Bishop Curry's "Oasis" is a simple solution to a tragic problem.
Despite numerous warnings and heartbreaking news reports, around 37 children die from heatstroke in cars each year in the US, and disturbingly this figure never seems to go down. In fact, this year alone, 17 young children have already died after being left in overly-heated cars, and summer isn’t even in full swing. So to combat the problem, a young inventor named Bishop Curry put all his efforts into coming up with an innovative and simple solution, and in doing so proved that sometimes it takes a child to come to another child’s rescue.
Curry, a 10-year-old Texan, was initially inspired after the death of a neighbor, baby Fern, who lost her life after being left in a hot car. The industrious 5th grader got to work and came up with a simple gadget that not only reacts to the car’s heat but also has an alert system built in. The small pink box named “Oasis” has tiny air ducts “that blow cool air when it becomes too hot inside a car and an antenna that alerts parents and emergency services.” Clipped on to the child’s car seat, the little box that already has a provisional patent could help save the life of any young car passenger. However, Curry, being a conscientious inventor, wants to spend the summer months perfecting the gadget and only then will he hand it over to manufacturers who are eager to get this product on the shop floor.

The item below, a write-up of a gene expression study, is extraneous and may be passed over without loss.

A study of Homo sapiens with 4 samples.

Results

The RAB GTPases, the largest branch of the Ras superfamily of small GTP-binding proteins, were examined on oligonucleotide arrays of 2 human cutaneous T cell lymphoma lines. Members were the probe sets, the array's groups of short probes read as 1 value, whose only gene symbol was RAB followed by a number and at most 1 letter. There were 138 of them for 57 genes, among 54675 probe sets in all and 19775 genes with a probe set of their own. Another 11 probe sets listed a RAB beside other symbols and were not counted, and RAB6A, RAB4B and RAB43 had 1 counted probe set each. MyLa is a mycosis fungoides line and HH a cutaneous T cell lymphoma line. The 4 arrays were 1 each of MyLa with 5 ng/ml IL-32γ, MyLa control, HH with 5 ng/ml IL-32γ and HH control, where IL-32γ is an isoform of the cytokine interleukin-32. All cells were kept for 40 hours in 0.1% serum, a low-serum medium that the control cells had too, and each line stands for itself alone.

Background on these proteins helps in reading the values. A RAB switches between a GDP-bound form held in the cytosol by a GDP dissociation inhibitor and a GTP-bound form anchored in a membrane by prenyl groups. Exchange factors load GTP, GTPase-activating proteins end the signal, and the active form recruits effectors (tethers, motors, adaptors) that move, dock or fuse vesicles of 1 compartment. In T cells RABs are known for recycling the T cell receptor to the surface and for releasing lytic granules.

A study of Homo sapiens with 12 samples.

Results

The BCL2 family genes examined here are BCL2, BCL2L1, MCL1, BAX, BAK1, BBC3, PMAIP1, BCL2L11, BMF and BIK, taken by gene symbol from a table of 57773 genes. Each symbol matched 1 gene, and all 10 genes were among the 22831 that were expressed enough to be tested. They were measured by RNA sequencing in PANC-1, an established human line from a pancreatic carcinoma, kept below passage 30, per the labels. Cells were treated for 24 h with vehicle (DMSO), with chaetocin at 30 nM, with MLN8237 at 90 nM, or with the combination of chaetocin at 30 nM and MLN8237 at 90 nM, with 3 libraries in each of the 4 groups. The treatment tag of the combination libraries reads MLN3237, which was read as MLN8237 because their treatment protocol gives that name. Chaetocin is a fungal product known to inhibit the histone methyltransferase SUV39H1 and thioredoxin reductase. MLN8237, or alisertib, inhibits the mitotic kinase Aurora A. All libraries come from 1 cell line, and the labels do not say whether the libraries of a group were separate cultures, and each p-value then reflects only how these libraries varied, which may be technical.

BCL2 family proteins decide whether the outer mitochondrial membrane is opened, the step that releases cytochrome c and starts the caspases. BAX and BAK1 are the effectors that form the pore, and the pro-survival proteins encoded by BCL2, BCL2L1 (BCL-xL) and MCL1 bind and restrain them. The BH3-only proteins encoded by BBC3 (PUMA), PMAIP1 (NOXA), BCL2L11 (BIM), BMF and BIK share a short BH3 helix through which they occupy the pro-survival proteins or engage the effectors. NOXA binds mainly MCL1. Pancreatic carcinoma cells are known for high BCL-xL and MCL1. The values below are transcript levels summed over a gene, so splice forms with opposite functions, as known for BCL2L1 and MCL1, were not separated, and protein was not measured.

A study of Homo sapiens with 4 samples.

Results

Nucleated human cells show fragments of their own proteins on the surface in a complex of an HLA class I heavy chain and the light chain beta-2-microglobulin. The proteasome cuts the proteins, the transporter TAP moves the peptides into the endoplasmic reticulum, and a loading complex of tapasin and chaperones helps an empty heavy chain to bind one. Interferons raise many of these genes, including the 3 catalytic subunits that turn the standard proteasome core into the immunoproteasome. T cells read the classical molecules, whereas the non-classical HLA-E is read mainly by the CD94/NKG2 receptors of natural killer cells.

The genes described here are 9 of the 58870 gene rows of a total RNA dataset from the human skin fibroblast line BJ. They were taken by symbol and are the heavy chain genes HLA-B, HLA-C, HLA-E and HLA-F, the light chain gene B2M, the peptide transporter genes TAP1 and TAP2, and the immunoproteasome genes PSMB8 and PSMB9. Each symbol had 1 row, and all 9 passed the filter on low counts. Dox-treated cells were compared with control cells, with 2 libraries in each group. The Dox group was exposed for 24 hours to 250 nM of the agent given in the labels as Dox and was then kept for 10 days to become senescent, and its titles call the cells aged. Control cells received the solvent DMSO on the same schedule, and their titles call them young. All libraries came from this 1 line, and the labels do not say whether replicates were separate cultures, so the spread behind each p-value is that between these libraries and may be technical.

While we can’t help but admire Curry’s creativity and engineering skills, his attitude is even more impressive. The schoolboy who spends his time inventing all sorts of objects said, “It would be a dream to have lots of inventions that would save many lives.” His concern for others is something we all want to see in our children and this can only be developed if our children are aware of what’s going on around them. It’s so easy for kids to be attached to their screens and absorbed in a virtual world but if they are encouraged to look beyond their favorite video game they might see that there’s so much more to gain in the real world. With his supportive parents, Curry has shown how kids can think outside the box, and better still, can think of others.